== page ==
I've got big news for all you serious outdoor types: Maine's Katahdin isn't the climbing adventure you thought it was. Mt. Mansfield? Mt. Washington? These nubs are a walk in the park.

Nope, you've got to head for Rhode Island for what may be America's most challenging mountain quest. Are you up for it? Then plan a trip to Jerimoth Hill.


Jerimoth, in Foster, R.I., is the littlest state's highest point. If you try and tackle it, you'll walk on no crumbling rock-faces (there's a paved state highway you can take). And as for endurance, Jerimoth tops out at a total of 812 feet in height.

But what I discovered, a few years back, was that there were times when an eager climber couldn't summit it. Brown University owned the deed to the very top. And the land around it, plus access from nearby Route 101, had, over the years, been controlled by local owners with, um, varying opinions on whether hikers should be allowed to tramp through.

Scaling Jerimoth may be easier now. Easier, and a lot less exciting. Here's my tale of real mountaineering -- when it took guts and daring and some very unusual equipment to get to the top.

* * *


It is early spring. I am in a climbing mood, and decide I'm going to get as far up Jerimoth as I can.

After reading news reports about the high-point being closed completely and landowners here "threatening...and firing shots over the heads of hikers," I decide I'd better try contacting them first for permission to pass through.

It's really only a short walk from the roadside, and since Brown doesn't block access to its portion, I have hopes.

But I get no response. According to emails I've exchanged with the Highpointers Club, a national climbing group, I've been told that I can only get through on a few annual "access dates" they'd negotiated with the owners.

Problem is, I want to collect this tantalizing prize and get to the top of Jerimoth today. I consider bushwhacking up there in the dark. But I've heard rumors that the landowners have motion detectors in place along the trail.


I consider chartering a helicopter. This is a brainstorm, I am sure. I will buzz above this tangle of private turf rights and special days, instructing the pilot to land me up there just long enough to claim the peak and take some exclusive pictures.

No one can possibly own the "air rights" to these forested acres. No one that is, but me.

Just as I'm getting excited about my assault from the air, I get word from Brown that there isn't enough of a clearing on their land for a copter to touch down safely. If I pursue the idea, I'm told, I will have to sign a whole sheaf of forms.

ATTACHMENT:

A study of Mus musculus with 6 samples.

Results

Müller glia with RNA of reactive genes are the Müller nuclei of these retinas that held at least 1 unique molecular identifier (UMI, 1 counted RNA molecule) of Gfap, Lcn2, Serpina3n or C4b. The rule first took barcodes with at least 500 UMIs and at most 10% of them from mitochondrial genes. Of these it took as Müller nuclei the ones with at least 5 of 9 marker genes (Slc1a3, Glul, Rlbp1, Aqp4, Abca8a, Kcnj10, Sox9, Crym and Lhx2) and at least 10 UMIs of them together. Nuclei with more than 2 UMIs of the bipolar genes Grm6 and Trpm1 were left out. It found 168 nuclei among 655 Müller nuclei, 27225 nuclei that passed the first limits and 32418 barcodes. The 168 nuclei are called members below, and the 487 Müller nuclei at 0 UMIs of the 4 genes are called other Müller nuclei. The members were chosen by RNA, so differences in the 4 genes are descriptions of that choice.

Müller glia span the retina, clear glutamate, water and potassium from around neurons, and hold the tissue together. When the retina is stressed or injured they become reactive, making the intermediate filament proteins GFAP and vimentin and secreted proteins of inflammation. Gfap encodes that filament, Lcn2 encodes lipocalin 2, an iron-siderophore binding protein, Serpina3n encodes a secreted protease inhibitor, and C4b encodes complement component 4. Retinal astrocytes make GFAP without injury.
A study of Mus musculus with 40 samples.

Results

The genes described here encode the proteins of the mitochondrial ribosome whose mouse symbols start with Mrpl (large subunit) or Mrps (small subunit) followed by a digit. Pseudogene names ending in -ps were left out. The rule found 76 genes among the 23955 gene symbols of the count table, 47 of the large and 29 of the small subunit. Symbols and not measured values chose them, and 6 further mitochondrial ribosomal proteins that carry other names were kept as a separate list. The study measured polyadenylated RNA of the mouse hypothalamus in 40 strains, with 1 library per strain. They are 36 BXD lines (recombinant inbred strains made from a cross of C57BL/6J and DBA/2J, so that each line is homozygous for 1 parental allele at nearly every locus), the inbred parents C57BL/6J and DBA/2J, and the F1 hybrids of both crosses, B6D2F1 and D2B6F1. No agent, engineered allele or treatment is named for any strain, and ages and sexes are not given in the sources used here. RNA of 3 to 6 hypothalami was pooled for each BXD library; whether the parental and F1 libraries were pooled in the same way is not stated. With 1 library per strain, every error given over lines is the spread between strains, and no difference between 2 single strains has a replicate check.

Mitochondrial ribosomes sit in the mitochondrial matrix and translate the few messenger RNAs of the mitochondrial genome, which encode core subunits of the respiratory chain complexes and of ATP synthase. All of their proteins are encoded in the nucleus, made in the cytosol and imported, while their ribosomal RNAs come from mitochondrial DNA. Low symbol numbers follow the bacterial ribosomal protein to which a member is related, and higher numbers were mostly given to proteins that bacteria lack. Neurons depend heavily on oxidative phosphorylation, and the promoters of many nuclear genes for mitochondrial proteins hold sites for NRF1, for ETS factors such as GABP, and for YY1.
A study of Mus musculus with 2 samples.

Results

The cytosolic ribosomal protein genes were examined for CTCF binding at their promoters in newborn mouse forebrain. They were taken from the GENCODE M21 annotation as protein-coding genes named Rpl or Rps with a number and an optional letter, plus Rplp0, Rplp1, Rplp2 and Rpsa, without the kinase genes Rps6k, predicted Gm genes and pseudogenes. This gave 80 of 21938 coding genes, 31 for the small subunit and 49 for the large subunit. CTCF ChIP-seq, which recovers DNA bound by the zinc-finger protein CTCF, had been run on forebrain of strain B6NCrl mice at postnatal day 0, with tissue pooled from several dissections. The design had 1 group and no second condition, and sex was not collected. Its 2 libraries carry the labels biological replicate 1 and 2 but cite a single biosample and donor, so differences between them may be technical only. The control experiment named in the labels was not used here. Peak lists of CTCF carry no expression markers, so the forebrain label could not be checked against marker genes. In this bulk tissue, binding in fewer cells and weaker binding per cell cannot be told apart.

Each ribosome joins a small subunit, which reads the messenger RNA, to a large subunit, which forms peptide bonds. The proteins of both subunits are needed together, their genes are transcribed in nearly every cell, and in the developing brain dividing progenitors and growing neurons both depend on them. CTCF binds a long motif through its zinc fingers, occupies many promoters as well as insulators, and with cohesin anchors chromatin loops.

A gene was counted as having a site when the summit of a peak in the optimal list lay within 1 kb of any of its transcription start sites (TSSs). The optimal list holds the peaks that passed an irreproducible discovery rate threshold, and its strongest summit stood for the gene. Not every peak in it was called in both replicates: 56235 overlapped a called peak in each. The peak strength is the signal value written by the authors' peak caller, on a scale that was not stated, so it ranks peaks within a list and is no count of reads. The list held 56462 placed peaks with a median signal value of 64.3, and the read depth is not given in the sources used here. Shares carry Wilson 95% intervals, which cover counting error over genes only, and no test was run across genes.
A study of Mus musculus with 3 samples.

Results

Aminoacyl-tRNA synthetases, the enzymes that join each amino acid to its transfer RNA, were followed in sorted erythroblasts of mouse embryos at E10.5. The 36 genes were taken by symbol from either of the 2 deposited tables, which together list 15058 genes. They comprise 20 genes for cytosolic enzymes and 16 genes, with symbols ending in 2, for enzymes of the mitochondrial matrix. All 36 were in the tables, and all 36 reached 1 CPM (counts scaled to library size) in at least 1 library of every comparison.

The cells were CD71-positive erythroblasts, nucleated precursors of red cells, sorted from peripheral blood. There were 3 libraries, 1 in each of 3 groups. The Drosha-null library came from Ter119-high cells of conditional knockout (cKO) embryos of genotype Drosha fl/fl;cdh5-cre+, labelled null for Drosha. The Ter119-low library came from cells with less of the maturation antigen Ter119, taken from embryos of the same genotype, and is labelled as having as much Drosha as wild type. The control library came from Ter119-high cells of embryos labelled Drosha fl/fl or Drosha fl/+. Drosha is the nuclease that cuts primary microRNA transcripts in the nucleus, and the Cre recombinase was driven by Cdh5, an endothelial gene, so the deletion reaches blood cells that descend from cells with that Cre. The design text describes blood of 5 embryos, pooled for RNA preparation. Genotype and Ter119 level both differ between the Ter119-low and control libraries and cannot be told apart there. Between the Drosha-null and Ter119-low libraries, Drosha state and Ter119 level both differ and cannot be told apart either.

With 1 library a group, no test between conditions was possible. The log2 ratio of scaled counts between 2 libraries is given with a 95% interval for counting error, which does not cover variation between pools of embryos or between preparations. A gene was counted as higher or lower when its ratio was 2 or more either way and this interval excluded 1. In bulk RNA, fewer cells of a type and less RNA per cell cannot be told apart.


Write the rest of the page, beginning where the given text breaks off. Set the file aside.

Forget it, I say, and, topographic map in hand, I load up the car.

Some will tell you that the Rhode Island state landfill in Johnston beats out any hill in the state (or building) when it comes to height. Driving through, I try to get a glimpse of this man-made pile, but although the air is pungent, there is nothing to see.

I swing onto Route 101 West, and after I pass a Foster gas station I know Jerimoth is near.

That was it? I think.


I have whizzed past a sign announcing "Rhode Island's Highest Point," slammed on the brakes, and wheeled around. I drive back up, park in a pulloff--and decide I will retake the hill on foot.

This occupies ten minutes. Back at the sign, I scratch my head. It seems surprisingly calm up here. No one is firing any shots. And no one shouts as I scope out the little path that leads through private property to the peak.

Still, I treat it as if it were sprinkled with land mines. I do not so much as set foot. There isn't much of a view, but I do find an abandoned cabin and a couple of notices.

A sign's been posted by my friends at the Highpointers Club. There is excellent news: The current property owner has decided to give hikers daily access, from 8:00 a.m. to 4:00 p.m.

It is now almost 5:00.

To be frank, I don't like climbing hills on someone else's schedule. I want the summit now. Something else that's posted catches my eye: "Jerimoth Hill, itself," it says, "is heavily wooded, has no views at all, and is only about five feet higher than the highway..."

Five feet did you say?


My thoughts are racing, as I return to my car. I pop the latch to check the circumference of my trunk. Unless I have misunderstood, a few loads of loam stand between me and Rhode Island history.

I know what I must do. If I cannot get to the peak, I will create a new one. Right by the side of the road.

I will go and get my work gloves and a wheelbarrow. I will be a hero. Mt. Mandel they will call it, and in return, I will allow 24-hour, year-round access to all.

It may be a smelly operation. This, I know. And it may take two or three trunkloads, or even more.

But the sun is still up.

And the Johnston landfill is not far.

* * *
Peter Mandel is the author of the read-aloud bestseller Jackhammer Sam (Macmillan/Roaring Brook) and other books for kids, including Zoo Ah-Choooo (Holiday House) and Bun, Onion, Burger (Simon & Schuster).